A joint submittal by the Sam Fox School and the Massachusetts Institute of Technology (MIT) placed second in the 2009 Chase Community Development Competition, which challenges student teams to partner with a New Orleans non-profit organization to develop a real estate project that strengthens the local community, with an eye toward sustainability.
Titled "Broad Street reFresh: A Fresh Food Hub for Community, Health & Economic Development," the proposal centered around the redesign of and reinvestment in an existing grocery store on historic Broad Street in New Orleans, which has been closed since Hurricane Katrina struck in 2005. By transforming Robert’s Fresh Market, an important local landmark, into a retail anchor in this key corridor, the team hoped to provide a model for further economic development in the area.
Sam Fox School students Brendan Wittstruck (MArch/MCM11) and Philip Burkhardt (MArch/MUD11) teamed with Jacquelyn Dadakis and Aditi Mehta from MIT’s Department of Urban Studies and Planning to create a comprehensive design and financial plan for the redevelopment of the site. They worked in conjunction with Broad Community Connections, a local non-profit focused on the revitalization of the Broad Street corridor, and were guided by faculty advisors Derek Hoeferlin, senior lecturer in the Sam Fox School, and Karl Seidman, senior lecturer at MIT.
"The project was a great fusion of design lessons from the School of Architecture with the myriad practical elements involved, including feasibility figures, development strategies, and neighborhood impacts," Wittstruck said. "While we focused on the physical redesign of the site, we were also constantly involved in looking at the effects of the project on civic life."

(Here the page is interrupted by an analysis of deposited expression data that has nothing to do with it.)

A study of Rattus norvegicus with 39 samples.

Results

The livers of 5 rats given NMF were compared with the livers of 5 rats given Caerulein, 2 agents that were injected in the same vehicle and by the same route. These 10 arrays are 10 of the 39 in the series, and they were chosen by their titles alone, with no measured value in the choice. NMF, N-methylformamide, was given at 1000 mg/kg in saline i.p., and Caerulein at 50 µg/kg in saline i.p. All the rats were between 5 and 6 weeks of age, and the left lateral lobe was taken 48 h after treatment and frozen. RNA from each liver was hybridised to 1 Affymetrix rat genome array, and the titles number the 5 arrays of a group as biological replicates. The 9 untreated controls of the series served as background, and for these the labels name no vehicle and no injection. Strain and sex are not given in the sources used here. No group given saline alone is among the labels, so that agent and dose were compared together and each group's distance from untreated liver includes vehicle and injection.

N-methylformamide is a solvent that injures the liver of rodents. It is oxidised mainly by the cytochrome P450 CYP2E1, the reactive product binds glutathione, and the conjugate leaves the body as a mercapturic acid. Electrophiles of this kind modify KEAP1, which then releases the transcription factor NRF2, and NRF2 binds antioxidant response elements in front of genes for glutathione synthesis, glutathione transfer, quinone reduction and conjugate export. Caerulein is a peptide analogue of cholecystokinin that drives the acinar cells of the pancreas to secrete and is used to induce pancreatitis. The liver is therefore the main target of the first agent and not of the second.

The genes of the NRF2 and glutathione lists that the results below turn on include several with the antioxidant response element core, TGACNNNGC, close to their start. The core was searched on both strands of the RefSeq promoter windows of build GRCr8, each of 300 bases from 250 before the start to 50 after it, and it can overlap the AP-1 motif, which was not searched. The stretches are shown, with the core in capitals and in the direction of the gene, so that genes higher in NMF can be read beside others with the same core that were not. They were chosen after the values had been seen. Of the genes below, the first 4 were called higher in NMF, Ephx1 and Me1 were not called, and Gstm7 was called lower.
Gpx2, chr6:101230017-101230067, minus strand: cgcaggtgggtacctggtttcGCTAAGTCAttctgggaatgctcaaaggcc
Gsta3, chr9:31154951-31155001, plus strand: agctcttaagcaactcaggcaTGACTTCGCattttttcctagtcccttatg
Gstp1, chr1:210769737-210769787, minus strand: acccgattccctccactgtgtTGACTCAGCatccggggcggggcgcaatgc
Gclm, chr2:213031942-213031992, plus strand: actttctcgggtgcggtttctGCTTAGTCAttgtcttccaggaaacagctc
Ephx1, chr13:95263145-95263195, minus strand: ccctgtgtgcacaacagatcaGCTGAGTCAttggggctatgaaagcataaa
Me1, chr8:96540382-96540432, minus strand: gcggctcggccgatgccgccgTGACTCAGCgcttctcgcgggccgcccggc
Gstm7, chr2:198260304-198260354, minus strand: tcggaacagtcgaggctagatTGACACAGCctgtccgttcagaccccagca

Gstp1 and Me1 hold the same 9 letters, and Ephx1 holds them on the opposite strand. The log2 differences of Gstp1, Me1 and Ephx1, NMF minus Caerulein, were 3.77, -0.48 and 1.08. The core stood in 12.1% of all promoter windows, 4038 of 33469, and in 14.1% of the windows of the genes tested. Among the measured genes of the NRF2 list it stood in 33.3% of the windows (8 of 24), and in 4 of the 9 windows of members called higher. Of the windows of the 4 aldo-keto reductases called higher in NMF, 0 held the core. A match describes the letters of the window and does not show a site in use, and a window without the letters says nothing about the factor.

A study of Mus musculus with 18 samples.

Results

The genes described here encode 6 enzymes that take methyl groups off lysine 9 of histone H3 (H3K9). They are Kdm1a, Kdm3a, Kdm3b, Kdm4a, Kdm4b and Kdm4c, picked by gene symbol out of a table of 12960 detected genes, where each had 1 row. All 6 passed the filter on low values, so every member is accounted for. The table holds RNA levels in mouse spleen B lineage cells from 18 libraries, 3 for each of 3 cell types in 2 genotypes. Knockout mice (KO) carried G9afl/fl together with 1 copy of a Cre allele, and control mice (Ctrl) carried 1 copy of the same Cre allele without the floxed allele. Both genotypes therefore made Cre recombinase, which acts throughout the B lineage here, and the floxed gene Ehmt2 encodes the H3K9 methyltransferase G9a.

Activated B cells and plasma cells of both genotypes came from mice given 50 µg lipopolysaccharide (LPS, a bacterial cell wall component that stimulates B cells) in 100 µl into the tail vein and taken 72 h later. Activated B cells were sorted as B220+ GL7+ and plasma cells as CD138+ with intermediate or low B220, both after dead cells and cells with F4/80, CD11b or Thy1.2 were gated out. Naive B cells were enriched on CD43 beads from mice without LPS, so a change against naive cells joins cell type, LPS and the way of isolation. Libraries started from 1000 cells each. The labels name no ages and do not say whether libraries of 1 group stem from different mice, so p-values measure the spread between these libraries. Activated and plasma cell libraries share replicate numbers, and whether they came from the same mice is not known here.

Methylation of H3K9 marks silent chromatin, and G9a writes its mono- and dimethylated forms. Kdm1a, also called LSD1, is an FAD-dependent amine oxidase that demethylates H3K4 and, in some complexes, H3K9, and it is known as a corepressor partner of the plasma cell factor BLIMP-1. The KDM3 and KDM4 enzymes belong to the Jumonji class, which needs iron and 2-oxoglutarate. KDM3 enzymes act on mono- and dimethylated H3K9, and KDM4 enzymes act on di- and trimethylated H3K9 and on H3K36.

Broad Community Connections was awarded a $15,000 seed grant for the proposal's second-place finish. Awards were announced at the Brownfields 2009 Conference in New Orleans on November 17, following presentations by the five finalists in the competition.
First place was awarded to a joint submittal by the University of New Orleans, DePaul University, and Louisiana State University; third place went to a proposal by The New School. For a full list of finalists and descriptions of their projects, visit the competition website.
This isn't the first time the Sam Fox School and MIT collaborated in the competition, with great success. In 2008, the Sam Fox School/MIT team took first place for the project "The Franz Building: From Recovery to Rebirth." Teaming with non-profit partner Good Work Network, the students sought to transform Oretha Castle Haley Boulevard in the Central City neighborhood through the renovation of key buildings, with their proposal focusing on the historic Franz Building.
The opportunity to broaden his on-campus learning experience by working with both community partners and students from another school proved invaluable to Wittstruck.
"It's a model for studio work that I would like to see more often in architectural education," Wittstruck said.